The Masters, and Augusta National, captivates golfers from across the globe more so than any other tournament, but it also captivates those who wouldn't class themselves as golf fans. Here's why...

Why Casual Golf Fans Love The Masters

Every year on the Thursday of the first full week of April, golf fans wake up like it’s Christmas Day.

Not because there are presents sitting under tree or because they know they’ve got they’re favourite stuffed Turkey for dinner, but because it’s The Masters, and the Masters means one thing – the mystique and the beauty of Augusta National Golf Club.

The carpet-like fairways carved out the beautiful forestry lined with pine straw, the colourful flowers, and the anticipation, Augusta is every golfer’s dream. If a golfer believes in heaven, you can bet that it looks something quite like Augusta.


Sergio finally won a Major at the 2017 Masters Tournament (Getty Images)

The Masters, for some, is what golf is all about and will even be the first thing they imagine when they hear the word ‘golf’.

The boiler suits the caddies wear, the well-mannered ‘patrons’ in their chairs lined up like a school nativity play, and who’s forgetting the Sunday roars.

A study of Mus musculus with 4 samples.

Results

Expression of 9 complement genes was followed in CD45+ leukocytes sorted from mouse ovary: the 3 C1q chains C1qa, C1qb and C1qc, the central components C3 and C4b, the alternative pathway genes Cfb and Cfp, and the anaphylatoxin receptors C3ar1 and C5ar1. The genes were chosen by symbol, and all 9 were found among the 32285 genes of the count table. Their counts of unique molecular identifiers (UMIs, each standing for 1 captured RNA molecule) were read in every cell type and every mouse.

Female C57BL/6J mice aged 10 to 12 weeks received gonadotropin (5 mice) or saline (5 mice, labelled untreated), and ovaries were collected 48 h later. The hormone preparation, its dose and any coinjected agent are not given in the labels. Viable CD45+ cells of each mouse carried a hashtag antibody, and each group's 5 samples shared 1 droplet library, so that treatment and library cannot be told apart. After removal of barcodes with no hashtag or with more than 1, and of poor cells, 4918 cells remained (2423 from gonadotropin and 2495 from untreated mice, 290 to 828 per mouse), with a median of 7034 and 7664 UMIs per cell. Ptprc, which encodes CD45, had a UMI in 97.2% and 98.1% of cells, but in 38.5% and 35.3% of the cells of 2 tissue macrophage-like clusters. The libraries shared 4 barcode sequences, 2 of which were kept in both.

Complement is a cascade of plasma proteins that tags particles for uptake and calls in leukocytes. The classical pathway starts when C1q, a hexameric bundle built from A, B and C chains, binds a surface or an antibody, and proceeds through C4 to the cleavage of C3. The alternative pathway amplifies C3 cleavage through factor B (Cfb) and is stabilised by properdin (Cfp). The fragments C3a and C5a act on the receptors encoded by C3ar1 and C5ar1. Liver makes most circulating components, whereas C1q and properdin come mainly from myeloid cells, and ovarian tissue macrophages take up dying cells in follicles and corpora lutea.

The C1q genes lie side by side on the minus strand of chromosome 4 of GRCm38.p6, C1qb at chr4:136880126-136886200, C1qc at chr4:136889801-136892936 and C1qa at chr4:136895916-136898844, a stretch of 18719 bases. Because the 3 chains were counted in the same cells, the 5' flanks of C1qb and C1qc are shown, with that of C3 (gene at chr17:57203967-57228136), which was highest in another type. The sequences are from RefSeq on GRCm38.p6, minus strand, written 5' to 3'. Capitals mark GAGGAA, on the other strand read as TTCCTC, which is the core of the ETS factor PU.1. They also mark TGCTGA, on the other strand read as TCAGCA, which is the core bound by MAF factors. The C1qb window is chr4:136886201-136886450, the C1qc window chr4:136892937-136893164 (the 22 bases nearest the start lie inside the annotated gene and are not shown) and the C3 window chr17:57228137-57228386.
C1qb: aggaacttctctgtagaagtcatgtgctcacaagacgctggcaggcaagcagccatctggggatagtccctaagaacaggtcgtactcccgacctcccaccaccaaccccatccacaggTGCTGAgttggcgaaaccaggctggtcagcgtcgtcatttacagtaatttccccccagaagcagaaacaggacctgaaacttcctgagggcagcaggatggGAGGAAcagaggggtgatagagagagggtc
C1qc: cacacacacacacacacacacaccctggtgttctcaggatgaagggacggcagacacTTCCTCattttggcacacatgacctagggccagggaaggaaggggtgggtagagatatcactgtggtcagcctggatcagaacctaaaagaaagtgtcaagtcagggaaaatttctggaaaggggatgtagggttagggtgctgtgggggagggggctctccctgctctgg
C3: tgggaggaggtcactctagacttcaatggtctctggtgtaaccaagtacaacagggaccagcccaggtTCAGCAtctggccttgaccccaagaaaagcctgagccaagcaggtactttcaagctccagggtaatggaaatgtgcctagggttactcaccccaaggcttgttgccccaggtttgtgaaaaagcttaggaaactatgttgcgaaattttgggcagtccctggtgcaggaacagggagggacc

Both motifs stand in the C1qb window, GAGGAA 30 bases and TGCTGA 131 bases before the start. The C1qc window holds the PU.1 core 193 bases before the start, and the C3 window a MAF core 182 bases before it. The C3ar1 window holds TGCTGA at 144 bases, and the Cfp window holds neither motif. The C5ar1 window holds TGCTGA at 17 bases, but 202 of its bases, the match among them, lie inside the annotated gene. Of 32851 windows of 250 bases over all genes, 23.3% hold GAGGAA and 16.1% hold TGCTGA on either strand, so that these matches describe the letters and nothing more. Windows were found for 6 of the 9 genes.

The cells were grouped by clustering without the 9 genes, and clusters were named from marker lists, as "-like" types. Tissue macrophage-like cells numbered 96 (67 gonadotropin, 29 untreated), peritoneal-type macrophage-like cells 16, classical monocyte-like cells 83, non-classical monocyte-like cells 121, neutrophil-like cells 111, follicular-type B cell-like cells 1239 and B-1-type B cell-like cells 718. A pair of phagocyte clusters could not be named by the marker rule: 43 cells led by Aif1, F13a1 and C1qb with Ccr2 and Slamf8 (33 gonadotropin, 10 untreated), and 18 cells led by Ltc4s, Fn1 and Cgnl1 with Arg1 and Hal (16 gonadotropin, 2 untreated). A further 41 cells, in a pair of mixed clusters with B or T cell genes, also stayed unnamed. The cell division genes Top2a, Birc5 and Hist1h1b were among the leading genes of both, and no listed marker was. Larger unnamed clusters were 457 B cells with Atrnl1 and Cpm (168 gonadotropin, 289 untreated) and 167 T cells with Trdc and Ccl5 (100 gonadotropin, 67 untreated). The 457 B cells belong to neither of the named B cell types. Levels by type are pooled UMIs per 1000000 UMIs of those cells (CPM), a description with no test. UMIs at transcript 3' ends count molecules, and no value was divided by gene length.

Another reason why The Masters captivates audiences on this side of the pond surely must be the British and European success that we’ve seen since 1980.


Why Casual Golf Fans Love The Masters

The final round in 1996 where Nick Faldo toppled Greg Norman to win his third Green Jacket was one of the most dramatic days in Masters history

They’ve forged spectacular moments and memories to last a lifetime, beating the Americans on their own turf.

Special moments just seem to happen at Augusta don’t they?

Sandy Lyle’s 7-iron in 1988, Tiger Woods’ chip-in in 2005, Louis Oosthuizen’s albatross in 2011 were all jaw-dropping moments, and the fact that they were at Augusta, mixed with the roars and tradition, made them oh so special.


The Masters has been a stronghold on the BBC for decades, in fact this year’s tournament will be the corporation’s 50th year.


With the pleasing aesthetics, world class golf and prime time viewing, it is no wonder why The Masters is so special to all.

Here’s to another great tournament in 2018.